Self compassion is an interesting term. Does it mean thinking nice thoughts? Treating yourself to dinner? In truth, it can look like a lot of different things. We asked a few people what self-compassion looks like to them.

Although their answers differed dramatically, each shared one key aspect: being kind to yourself.

“Ordering a pizza when it’s my turn to cook.” – Brooke

“Saying to myself: It’s okay, you’re doing a great job” – Adi

“Not expecting myself to be perfect” – Lauren

“Reading one more chapter of a book rugged up in bed” – Luke

“Cuddling my cat” – Laura

“Forgiving myself when I make mistakes” – Deb

“Watching a trashy movie with my sister and niece on a Saturday night” – Dimitry

Self compassion can feel like an enormous concept. It can also feel difficult to achieve when life has thrown you a few curveballs.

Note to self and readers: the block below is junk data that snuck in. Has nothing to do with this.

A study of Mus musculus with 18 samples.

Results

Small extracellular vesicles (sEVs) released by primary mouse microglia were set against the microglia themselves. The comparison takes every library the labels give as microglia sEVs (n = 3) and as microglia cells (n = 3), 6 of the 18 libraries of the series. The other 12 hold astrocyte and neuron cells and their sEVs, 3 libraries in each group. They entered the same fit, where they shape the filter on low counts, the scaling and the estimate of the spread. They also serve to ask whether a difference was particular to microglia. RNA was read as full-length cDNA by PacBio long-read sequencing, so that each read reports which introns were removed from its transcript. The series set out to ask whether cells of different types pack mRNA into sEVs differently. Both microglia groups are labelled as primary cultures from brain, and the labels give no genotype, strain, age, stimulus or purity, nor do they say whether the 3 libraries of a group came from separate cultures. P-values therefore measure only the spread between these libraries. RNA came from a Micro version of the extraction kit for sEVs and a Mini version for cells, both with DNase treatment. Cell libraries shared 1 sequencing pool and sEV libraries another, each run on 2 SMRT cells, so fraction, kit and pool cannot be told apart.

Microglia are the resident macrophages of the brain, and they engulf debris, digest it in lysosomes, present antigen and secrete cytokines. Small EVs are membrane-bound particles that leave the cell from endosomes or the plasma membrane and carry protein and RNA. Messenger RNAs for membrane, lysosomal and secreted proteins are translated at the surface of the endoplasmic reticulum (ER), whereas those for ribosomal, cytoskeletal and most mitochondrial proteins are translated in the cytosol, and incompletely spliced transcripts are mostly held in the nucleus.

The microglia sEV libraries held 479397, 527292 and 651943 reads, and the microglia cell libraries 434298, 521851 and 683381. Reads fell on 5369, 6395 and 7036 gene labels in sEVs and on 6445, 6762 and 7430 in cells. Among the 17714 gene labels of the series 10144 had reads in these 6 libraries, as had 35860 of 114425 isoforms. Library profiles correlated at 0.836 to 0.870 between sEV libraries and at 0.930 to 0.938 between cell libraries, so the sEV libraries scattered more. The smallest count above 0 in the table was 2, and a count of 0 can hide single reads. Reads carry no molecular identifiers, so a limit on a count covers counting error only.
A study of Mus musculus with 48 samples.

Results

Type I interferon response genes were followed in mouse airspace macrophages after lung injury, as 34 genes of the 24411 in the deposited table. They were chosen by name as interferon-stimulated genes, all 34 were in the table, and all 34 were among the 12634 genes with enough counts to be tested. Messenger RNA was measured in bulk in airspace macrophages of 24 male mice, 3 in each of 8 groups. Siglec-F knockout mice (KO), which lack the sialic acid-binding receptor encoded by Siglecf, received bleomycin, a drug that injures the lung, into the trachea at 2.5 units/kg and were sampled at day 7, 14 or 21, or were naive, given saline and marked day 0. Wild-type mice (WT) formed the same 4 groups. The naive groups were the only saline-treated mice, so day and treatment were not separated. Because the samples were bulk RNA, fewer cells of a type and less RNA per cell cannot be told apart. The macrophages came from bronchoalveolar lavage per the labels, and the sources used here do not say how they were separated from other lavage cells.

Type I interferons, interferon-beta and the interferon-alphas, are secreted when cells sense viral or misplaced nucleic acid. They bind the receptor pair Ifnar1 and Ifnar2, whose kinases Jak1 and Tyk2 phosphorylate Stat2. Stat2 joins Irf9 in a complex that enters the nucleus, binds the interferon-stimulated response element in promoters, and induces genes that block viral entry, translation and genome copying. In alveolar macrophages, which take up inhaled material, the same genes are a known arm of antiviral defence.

But showing yourself some compassion doesn’t need to be an enormous task. Instead, it can be having a cup of your favourite tea, calling an old friend at the end of the day, or just silently congratulating yourself for something you’ve done recently.

The most important thing is finding a way to treat yourself with kindness over criticism, and ensuring you’re treating yourself as well as you would treat a friend.


To work out what self-compassion looks like to you, book into our Self Compassion Workshop Saturday October 28th with Danica Hade. In this workshop, you’ll discover the science and practice of self-compassion, learn why self-compassion is essential for health, wellbeing and motivation, and learn how to practice self-compassion.

Written by The Mind Room

The Mind Room is a health, wellbeing and performance psychology community based in Melbourne.